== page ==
At first, it seemed like a tragic accident. A vehicle filled with a family flies off a Northern California coastal cliff. There are no survivors.
But a week after the crash, so many questions have emerged. Why were there no brake or skid marks? What about the troubling allegations about the family? And where are the family’s three missing children?
Here is what we know about the Hart family:
How did the crash happen?
The deadly crash was reported a week ago off Highway 1, at Juan Creek in the small town of Westport.
A passerby called authorities after noticing the wreckage from a pullout along the road. The SUV was overturned, about 100 feet down. The bodies of the parents, Jennifer and Sarah Hart, both 38, were found inside the car, and the bodies of three of their children were outside the vehicle.
“An entire family vanished, and perished during this tragedy,” Mendocino County Sheriff Tom Allman said Wednesday. “We have every indication to believe that all six children were in there.”
The car’s engine was cold, and the water that had seeped into the car was warmer than the ocean, indicating that the vehicle had been there for several hours, Allman said.
“There was no indication of why this vehicle traversed approximately over 75 feet of a dirt pullout and went into the Pacific Ocean,” he said. Even so, he said, “We have no evidence and no reason to believe that this was an intentional act.”
Recovery efforts on the first day lasted until after midnight.
The children’s bodies pulled from the wreckage were identified as those of Markis Hart, 19, and Jeremiah and Abigail Hart, both 14.
Missing are Devonte Hart, 15, Hannah Hart, 16; and Sierra Hart, 12.
What about the missing children?
Authorities didn’t immediately learn about the three missing children.
Friends and relatives told authorities that there was no way the Harts would have traveled that far from their Washington state home without all of their children.
But since Monday’s discovery, searchers have fanned out across a roughly four-mile stretch of rugged coastline, combing the beach and scanning the water with binoculars, looking for the missing family members.
The Coast Guard has also been looking.
Why was there suspicion about the crash?
For one thing, authorities said there were no skid marks at the site of the crash.
Then there were issues over the family’s background.
The Washington State Department of Social and Health Services said child welfare authorities attempted to contact Jennifer and Sarah Hart after receiving a complaint of potential child abuse or neglect on March 23, three days before the crash.
They tried to make contact the day of the crash but were unsuccessful.
One of the missing children had been in the news before. Devonte Hart had a moment of fame in 2014, after he was photographed hugging a Portland, Ore., police sergeant at a protest related to unrest in Ferguson, Mo., over the shooting of an unarmed black youth.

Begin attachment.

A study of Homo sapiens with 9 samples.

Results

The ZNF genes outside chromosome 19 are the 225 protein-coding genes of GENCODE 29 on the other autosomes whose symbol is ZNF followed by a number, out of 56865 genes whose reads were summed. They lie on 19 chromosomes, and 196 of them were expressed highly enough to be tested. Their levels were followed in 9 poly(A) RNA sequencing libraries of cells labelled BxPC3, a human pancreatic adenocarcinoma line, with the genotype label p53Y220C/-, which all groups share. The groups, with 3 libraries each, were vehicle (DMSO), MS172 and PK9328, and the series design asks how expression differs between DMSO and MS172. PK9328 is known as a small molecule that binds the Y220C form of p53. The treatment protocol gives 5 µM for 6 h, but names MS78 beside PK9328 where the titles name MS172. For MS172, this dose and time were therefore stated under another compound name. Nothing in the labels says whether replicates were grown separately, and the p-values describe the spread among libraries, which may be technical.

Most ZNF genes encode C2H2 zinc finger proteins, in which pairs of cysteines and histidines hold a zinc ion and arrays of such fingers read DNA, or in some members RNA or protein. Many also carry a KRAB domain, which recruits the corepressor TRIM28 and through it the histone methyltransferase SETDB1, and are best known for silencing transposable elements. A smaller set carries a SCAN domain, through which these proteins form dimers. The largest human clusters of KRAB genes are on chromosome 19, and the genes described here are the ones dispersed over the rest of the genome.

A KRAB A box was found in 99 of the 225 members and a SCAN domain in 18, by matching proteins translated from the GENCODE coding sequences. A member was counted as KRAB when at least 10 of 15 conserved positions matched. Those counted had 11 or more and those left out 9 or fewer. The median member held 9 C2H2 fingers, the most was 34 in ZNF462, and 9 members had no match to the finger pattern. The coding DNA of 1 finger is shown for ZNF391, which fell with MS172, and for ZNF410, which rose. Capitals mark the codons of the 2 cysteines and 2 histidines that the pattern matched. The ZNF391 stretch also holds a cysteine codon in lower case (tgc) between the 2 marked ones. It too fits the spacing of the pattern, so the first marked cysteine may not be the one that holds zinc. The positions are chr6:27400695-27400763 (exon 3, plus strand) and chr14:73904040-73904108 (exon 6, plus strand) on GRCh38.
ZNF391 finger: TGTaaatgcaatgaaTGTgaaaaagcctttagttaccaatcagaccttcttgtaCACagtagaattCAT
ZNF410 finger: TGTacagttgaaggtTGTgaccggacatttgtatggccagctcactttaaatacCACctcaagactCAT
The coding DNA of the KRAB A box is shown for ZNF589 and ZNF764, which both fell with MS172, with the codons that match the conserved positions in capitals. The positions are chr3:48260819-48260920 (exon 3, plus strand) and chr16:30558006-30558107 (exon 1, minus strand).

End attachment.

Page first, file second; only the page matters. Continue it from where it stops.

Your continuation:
Portland police told the Mendocino County Sheriff’s Office this week that the family may have moved from their former home in West Linn, Ore., due to the intense media attention that followed. When investigators searched the Harts’ most recent home, in Woodland, Wash., they found family belongings, pets and some chickens, but not the the three missing children.
Child welfare staff tried to make contact in person on Friday, Monday and Tuesday but found no one. The department had no prior history with the family, said spokeswoman Norah West.
“We are working with all involved law enforcement agencies on their respective investigations,” West said in an email.
The Harts’ neighbors, Bruce and Dana DeKalb, told ABC News that they had called authorities in part because they were concerned one of the children was going hungry.
The DeKalbs said they called child welfare services Friday after Devonte had come to their house repeatedly that week asking for food. Another child, they said, had once rung their doorbell at 1:30 a.m., wrapped in a blanket, asking for protection from abuse.
A search of court records found that in 2011, Sarah Hart was sentenced to 90 days in jail in after she pleaded guilty to a misdemeanor count of domestic assault in Minnesota. One gross misdemeanor count of malicious punishment of a child was dismissed in the case.
Do authorities believe the crash was intentional?
Capt. Greg Baarts of the California Highway Patrol told the Associated Press that data pulled from the vehicle’s software suggest it was stopped at a dirt pull-off before it accelerated off the cliff on Monday.
Baarts told K5 News that authorities believe “that the crash was intentional,” but cautioned that the finding was based on preliminary information.
Mendocino County Sheriff’s Lt. Shannon Barney, whose agency is leading the search for the missing children, said Sunday that it’s “too early” to reach any conclusions.
“Much work still needs to be done so anyone concluding foul play or an intentional act is coming to a premature conclusion,” he said. “These investigations take time, and for the sake of all involved we need to be diligent in our investigation.”